Microsoft today warned of a hole in older versions of Internet Explorer that was used in limited targeted attacks in which e-mails were sent to people in organizations directing them to a Web site where exploit code could take over their computers.
The exploit code has been taken down from the Web site where it was hosted, Jerry Bryant, group manager for Response Communications at Microsoft, told CNET. He declined to identify what site it was or to say what companies or types of companies were targeted in the attacks.
The exploit code was written for Internet Explorer 6 and 7, but IE8 also is vulnerable, he said. IE9 beta is not vulnerable, nor is IE8 in the default installation with Data Execution Prevention enabled. Microsoft has released a security advisory that includes workarounds, such as enabling DEP, reading e-mails in plain text, and setting Internet and local intranet security zone settings to "high" to block ActiveX Controls and Active Scripting. A Fix-it tool that will ease the implementation of workarounds is expected later today, but Bryant said he did not have a timeline on a fix or security update.
Bryant said Microsoft was informed about the problem by a partner on Friday.
Symantec researchers published a blog post today describing how hackers had sent e-mails to a "select group of individuals within targeted organizations." The e-mails included a link to a specific page hosted on an otherwise legitimate Web site located in the U.S., Dean Turner, director of the global intelligence network for Symantec, told CNET.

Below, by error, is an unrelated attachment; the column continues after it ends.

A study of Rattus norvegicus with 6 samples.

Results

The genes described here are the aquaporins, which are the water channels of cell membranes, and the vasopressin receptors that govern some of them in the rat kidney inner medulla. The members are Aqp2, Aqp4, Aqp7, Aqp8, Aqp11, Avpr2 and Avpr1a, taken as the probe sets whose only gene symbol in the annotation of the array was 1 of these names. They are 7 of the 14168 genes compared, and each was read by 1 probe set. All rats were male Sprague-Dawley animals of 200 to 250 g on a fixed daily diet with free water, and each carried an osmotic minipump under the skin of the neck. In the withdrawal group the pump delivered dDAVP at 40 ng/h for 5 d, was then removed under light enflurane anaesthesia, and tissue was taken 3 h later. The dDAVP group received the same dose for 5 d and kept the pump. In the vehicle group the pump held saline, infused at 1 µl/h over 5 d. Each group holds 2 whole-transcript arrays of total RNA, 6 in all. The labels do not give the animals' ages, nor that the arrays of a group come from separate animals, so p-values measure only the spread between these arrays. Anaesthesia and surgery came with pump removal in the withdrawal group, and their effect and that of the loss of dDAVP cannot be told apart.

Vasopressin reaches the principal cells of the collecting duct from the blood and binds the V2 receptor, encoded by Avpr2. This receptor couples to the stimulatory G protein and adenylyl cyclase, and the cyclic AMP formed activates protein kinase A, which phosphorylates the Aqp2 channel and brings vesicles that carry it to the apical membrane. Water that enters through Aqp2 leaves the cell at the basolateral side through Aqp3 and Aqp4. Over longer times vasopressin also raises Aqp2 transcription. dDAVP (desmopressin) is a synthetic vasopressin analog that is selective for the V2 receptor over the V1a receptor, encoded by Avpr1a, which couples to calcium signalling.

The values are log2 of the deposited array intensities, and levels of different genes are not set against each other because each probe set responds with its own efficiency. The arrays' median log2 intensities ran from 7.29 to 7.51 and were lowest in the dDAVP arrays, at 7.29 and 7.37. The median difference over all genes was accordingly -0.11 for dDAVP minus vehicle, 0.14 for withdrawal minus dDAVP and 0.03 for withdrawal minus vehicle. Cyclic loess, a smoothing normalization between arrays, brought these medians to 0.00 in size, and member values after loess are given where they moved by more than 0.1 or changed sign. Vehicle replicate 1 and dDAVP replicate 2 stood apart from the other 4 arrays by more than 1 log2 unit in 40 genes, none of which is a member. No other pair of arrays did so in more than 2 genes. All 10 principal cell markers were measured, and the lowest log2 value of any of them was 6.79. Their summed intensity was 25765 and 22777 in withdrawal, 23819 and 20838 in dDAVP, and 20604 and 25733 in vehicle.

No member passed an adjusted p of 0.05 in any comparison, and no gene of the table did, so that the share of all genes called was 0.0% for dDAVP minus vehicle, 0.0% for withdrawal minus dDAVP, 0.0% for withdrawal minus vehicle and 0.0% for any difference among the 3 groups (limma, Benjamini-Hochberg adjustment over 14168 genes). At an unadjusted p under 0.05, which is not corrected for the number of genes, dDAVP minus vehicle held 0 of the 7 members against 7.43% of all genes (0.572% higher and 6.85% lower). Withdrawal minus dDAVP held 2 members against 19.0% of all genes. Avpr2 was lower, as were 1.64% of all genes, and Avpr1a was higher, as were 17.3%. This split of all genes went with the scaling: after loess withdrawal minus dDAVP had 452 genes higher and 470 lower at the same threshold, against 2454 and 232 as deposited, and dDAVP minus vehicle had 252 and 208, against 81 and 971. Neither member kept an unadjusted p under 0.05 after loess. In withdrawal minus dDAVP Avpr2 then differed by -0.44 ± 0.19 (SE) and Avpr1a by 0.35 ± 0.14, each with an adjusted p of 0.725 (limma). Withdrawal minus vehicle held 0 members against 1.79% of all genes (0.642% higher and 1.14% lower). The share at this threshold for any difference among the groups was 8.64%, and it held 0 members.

The link pointed to a page with a script that looked to see what version of the browser and operating system the visitor was using and compromised the system if it was running IE6 or IE7 and served up a blank page if not, according to Symantec. The vulnerability allowed for any remote program to be executed without the end user noticing and opened a back door on the computer that then contacted a remote server in Poland.
Turner said he could not reveal how many computers may have been compromised, what Web site was hosting the exploit, or what companies were targeted, but said it was not focused on any particular vertical. Symantec posted a screenshot of one of the e-mail messages that appeared to be related to a hotel room reservation.
"We don't really know what its intent was except that it was clearly a back door and would allow an attacker to do anything they wanted to once on the system," he told CNET.
Both the U.S. Web site and the Polish server removed the malware and have cooperated with the investigation, Turner said.
Once a machine is compromised, the malware sets itself to start up with the computer, along with a service named "NetWare Workstation" and grabs encrypted .gif files telling the Trojan what to do next, according to the Symantec post. Symantec researchers were able to grab a screenshot of the commands an attacker appeared to be entering manually. Symantec has dubbed the threat "Backdoor.Pirpi."
"Looking at the log files from this exploited server we know that the malware author had targeted more than a few organizations," the Symantec post said. "The files on this server had been accessed by people in lots of organizations in multiple industries across the globe. Very few of them were seen accessing the payload file, which means that most users were using a browser which wasn't vulnerable or targeted."